Judas Priest, however, shook of the shackles of the past, and with twin lead guitars in tow, created a whole new sound, one that every single metal band of the last thirty years has aped in varying degrees. Almost as important as the music, they also invented the look. The leather boys with electric toys that leered out of every metal album cover and photoshoot right up until the present day.

And British Steel was the album that kicked it all off. They'd come close on Killing Machine (Hell Bent For Leather in the US), but with the opening track on British Steel they defined a genre. "Rapid Fire" is the song, and to this day, it's one of the most viscerally exciting metal songs of all time. Off the back of a trio of UK hit singles – "Breaking The Law", "United", and "Livin' After Midnight" – this was the record that took Judas Priest on the way to the enormodomes that were their home in the early to mid eighties. They would go on to make better albums in the shape of Screaming For Vengeance and Defenders Of The Faith, but this was the groundbreaker.

So, it's an album that's well worth celebrating, and on this triple disc, special edition, it's been done proud. I'm not sure about the new cover art, which loses a lot of the original impact, but once you get into the cross shaped foldout box, there are some delights in store. As well as some not so delightful moments.

First up is the original album. Or rather a straight reissue of the 2001 remastered edition, with the two bonus tracks – "Red, White & Blue", which as a Turbo outtake is well out of place, and a much more welcome live version of "Grinder" from 1984. The record holds up well, although there is a sag in the middle with "United" and "You Don't Have To Be Old To Be Wise", but those aside, the likes of "Rapid Fire", "Metal Gods", "The Rage", and "Steeler" are the templates for all Heavy Metal.

As a special thank you to the British fans who supported them through their lean, early years, and who propelled British Steel up the charts, 2009 saw Judas Priest performing the album in its entirety on a North American tour! The show on the 17th August at The Seminole Hard Rock Arena, Hollywood, Florida was recorded and filmed, and the 15 track CD and 16 track DVD which makes up the rest of the package is the result. Now, I saw Judas Priest last on their Nostradamus tour a couple of years back, and was shocked at the plodding, strained, performance of vocalist Rob Halford. I had hoped it was an off day, but not if this show is to be believed.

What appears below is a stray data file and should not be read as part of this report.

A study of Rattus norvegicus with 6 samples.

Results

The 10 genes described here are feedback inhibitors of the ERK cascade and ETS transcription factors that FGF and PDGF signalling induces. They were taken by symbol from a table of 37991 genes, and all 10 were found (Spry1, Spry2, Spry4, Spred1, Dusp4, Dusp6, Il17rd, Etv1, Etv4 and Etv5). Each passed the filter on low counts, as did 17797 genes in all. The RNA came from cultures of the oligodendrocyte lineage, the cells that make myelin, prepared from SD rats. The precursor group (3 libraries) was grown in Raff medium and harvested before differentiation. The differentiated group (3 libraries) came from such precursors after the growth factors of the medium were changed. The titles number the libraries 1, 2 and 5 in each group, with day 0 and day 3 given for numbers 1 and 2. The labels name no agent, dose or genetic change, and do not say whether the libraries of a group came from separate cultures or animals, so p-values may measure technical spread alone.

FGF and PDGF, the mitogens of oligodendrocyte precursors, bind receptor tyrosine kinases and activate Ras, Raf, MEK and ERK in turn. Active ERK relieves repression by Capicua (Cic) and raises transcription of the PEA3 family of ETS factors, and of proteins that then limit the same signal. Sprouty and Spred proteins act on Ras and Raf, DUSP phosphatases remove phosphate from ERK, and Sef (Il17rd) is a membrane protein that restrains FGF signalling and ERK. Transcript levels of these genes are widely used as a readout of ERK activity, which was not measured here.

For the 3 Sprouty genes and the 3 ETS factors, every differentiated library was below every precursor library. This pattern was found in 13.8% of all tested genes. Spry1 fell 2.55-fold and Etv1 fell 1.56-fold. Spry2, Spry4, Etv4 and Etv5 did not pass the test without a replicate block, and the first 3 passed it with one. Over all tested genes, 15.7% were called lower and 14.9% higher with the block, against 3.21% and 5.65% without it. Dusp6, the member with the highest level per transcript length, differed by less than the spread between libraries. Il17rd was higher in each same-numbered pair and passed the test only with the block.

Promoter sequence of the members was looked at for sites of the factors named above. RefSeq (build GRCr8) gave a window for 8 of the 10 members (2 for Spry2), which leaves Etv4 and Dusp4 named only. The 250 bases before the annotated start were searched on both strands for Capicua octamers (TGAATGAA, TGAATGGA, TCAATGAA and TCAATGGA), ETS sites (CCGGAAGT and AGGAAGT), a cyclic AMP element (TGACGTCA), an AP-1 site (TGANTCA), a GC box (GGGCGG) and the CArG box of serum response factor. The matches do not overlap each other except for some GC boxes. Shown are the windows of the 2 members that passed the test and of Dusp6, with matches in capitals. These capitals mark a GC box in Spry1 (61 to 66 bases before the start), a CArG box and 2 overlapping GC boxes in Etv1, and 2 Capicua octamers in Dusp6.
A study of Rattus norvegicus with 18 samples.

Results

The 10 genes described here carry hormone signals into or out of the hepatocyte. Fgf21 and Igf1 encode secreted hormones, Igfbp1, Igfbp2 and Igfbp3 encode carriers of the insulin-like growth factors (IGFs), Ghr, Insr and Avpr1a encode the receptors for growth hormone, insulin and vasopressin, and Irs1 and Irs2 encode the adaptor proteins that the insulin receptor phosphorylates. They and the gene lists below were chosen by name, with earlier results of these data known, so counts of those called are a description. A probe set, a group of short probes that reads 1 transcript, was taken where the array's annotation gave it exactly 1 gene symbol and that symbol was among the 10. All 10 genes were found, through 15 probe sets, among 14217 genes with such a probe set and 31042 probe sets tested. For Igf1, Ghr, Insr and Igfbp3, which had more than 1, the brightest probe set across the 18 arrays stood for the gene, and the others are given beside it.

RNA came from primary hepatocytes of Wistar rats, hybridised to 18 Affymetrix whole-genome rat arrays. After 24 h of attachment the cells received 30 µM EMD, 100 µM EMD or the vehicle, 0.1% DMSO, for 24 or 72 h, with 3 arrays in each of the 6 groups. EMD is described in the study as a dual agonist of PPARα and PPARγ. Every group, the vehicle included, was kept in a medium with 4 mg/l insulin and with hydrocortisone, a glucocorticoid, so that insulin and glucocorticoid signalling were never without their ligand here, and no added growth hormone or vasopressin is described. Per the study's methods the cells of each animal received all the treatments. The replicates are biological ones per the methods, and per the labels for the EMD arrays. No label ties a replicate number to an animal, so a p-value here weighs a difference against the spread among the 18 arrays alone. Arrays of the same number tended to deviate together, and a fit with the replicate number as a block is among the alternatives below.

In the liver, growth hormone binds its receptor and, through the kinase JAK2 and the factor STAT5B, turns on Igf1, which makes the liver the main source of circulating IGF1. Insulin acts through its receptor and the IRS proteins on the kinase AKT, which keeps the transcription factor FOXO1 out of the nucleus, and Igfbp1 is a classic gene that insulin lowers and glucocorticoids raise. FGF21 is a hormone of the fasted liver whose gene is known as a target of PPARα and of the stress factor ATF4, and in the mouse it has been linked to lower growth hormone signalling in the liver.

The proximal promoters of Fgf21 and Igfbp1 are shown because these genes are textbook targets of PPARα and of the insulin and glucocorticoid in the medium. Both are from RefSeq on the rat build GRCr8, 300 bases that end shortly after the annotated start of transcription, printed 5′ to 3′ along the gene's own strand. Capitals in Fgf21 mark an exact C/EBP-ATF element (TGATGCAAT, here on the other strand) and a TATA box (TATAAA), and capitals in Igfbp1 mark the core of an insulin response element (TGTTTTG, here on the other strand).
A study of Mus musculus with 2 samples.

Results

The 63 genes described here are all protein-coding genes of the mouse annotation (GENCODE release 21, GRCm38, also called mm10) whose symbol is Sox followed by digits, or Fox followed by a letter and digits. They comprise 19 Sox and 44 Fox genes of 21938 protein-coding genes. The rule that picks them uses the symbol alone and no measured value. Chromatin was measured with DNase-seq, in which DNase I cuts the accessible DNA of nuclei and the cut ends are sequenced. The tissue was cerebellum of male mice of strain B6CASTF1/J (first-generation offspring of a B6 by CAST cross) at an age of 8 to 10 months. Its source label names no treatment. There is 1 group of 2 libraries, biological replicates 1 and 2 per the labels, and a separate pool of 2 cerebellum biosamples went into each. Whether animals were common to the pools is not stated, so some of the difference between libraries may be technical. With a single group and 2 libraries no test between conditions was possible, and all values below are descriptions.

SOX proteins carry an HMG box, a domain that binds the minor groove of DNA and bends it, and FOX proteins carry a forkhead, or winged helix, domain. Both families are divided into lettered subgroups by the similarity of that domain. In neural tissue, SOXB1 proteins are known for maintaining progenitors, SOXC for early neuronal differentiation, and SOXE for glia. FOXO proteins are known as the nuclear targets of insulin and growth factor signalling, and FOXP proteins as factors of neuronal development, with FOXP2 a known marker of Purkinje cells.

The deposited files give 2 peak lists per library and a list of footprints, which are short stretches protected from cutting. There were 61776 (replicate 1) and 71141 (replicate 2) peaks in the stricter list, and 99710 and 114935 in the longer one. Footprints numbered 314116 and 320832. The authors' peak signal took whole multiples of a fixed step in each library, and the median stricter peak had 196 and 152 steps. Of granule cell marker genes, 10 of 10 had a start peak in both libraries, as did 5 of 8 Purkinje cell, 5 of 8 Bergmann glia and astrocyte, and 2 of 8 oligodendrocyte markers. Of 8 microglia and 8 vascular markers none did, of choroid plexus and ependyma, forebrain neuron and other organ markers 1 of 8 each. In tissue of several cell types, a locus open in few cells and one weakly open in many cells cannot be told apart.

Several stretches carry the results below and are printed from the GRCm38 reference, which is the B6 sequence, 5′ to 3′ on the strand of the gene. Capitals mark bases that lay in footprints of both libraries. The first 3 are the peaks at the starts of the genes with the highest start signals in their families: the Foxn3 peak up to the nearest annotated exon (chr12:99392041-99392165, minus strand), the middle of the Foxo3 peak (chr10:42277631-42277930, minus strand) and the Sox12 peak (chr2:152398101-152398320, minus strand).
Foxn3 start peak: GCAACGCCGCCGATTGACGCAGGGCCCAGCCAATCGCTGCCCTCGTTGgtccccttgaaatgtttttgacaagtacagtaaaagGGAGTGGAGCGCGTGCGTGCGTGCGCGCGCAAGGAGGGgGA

The DVD kicks off with the band blazing into "Rapid Fire", with Messrs Tipton, Downing, Hill, and Travis showing that time has not mellowed them. But the entrance of a barely audible, portly, denim clad(!) Halford knocks you for six. Again, you hope it's just a problem with the mix but, sadly, his hoarse, strained, pained looking performance lasts for the entire show. Which is a real shame, as the other band members, who've been together as a unit for 20 years, is impeccable. There are musical highlights a-plenty with the key tracks from British Steel augmented by some choice back catalogue material including "The Ripper", "Victim Of Changes" and "Freewheel Burning". The audio CD suffers from the same problem, but the joys of 5:1 surround and stereo sound, courtesy of original British Steel producer, Tom Allom, can't hide the one big flaw. The audio CD actually sounds better, but that may be down to the lack of visuals.

The DVD also throws in a 30 minute "Making of British Steel" interview, which is cheerfully billed as featuring the four original members of Judas Priest, something that had the pedant in me riled up, seeing as how technically, none of them are original members, and only Hill and Downing kind of, sort of, qualify, as honourary original members. Nothing new is shed on British Steel in the interview segment, but it is nice to see Ian Hill getting some long overdue praise. The package also contains a 20 page booklet, which has very little worth reading, and some grainy, ripped from DVD, photographs of the live show. A lost opportunity, when it could have been a vintage retrospective.

Despite my reservations at what could have been, this is out at a decent price, and if you don't have British Steel, then this is the version to buy. However, long time fans will probably walk away feeling a little bit cheated, as they're being asked to buy another copy of the 2001 CD, along with the DVD and live audio. Surely the live material could have been put out as a standalone package? But, and it's a big but, this is the birth of heavy metal, and that is something well worth celebrating.